Directed by Jonathan William Turner. From Remind Me Tomorrow, due January 18 on Jagjaguwar.
Growing up is weird. There comes a point where you barely recognize the person you used to be. It’s easy to be dismissive of your former self’s personality and character by claiming immaturity. But if you think back, it didn’t feel that way at the time. You were a fully formed human being as a teenager. But as you get older you change. Experiences and education affect the way you think and feel about things. And age wreaks havoc on your physical appearance. You’re different than you used to be. Are you the same person? Sure, partially. But not 100%. And that’s weird, isn’t it?
Haven’t we all dreamed of going back in time and having a conversation with our 16-year-old self?
Sharon Van Etten gets this.
Come back, kid!
Let me look at you!
She says, “As the lyrics for ‘Comeback Kid’ unfolded, I realized I was talking about many selves: the kid, the adult, the sibling, the friend, the neighbor. I imagined a projector streaming over me of memories, unclear if they are mine or someone else’s, confronted by the disorientation of time and perspective. Jonathan William Turner helped me to convey these struggles of self, forgiveness, and living in the now.”
She told NPR, “Believe it or not, ‘Comeback Kid’ started off as a piano ballad. My homage to Bruce Springsteen, talking about formative years. It is talking about my young adult years, when I returned home in my early 20s after having an early crisis. My family took me in with open arms, nursed me back to health. I tried to explain all the complicated relationships with returning home and the many selves you face, the kid that never goes away, but strives to be the independent adult. I feel like this song encompasses my influences from past and present, as well as represents a moment in time that changed my life and helped me move on to be who I am today. It is complex and sometimes hard to face, but I face it and I’m stronger now. And as I look at my son, I hope he knows he can always turn to me, too.”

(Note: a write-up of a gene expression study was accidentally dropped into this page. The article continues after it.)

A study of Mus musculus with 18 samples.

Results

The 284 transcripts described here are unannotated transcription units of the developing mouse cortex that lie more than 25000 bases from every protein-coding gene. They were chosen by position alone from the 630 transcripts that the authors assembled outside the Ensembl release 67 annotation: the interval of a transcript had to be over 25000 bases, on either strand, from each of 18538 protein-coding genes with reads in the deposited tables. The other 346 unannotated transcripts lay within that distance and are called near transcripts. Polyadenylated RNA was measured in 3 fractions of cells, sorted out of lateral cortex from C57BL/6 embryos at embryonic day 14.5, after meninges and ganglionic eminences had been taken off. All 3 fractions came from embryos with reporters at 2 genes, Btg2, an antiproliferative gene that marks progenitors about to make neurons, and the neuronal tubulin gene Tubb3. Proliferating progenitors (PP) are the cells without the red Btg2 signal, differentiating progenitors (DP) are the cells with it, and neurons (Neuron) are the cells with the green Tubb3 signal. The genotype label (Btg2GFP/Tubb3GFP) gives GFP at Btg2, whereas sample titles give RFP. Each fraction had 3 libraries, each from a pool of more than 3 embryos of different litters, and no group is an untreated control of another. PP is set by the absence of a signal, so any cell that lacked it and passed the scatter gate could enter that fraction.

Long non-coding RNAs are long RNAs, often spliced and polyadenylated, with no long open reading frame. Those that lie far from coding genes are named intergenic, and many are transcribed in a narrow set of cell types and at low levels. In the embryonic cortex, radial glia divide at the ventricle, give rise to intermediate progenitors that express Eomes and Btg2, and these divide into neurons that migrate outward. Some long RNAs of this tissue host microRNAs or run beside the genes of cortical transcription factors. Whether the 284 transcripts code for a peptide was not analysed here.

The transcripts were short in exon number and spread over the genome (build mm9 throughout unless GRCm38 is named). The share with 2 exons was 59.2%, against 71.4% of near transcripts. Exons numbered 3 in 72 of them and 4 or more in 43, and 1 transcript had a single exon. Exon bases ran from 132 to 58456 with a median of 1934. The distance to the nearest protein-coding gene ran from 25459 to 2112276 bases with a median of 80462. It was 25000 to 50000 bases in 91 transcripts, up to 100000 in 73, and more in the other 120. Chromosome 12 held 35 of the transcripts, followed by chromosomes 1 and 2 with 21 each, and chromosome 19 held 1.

The director says, “The visuals draw from Sharon’s personal archive of photos and videos as the narrative of the song looks back on her past. The elements are then reactivated by an undercurrent of abstract animations. These sequences are also used to frame and obscure her performance, suggesting the fractured identity of someone looking at their past, but also confidently facing the future. Sharon is both audience and projectionist of her memories.”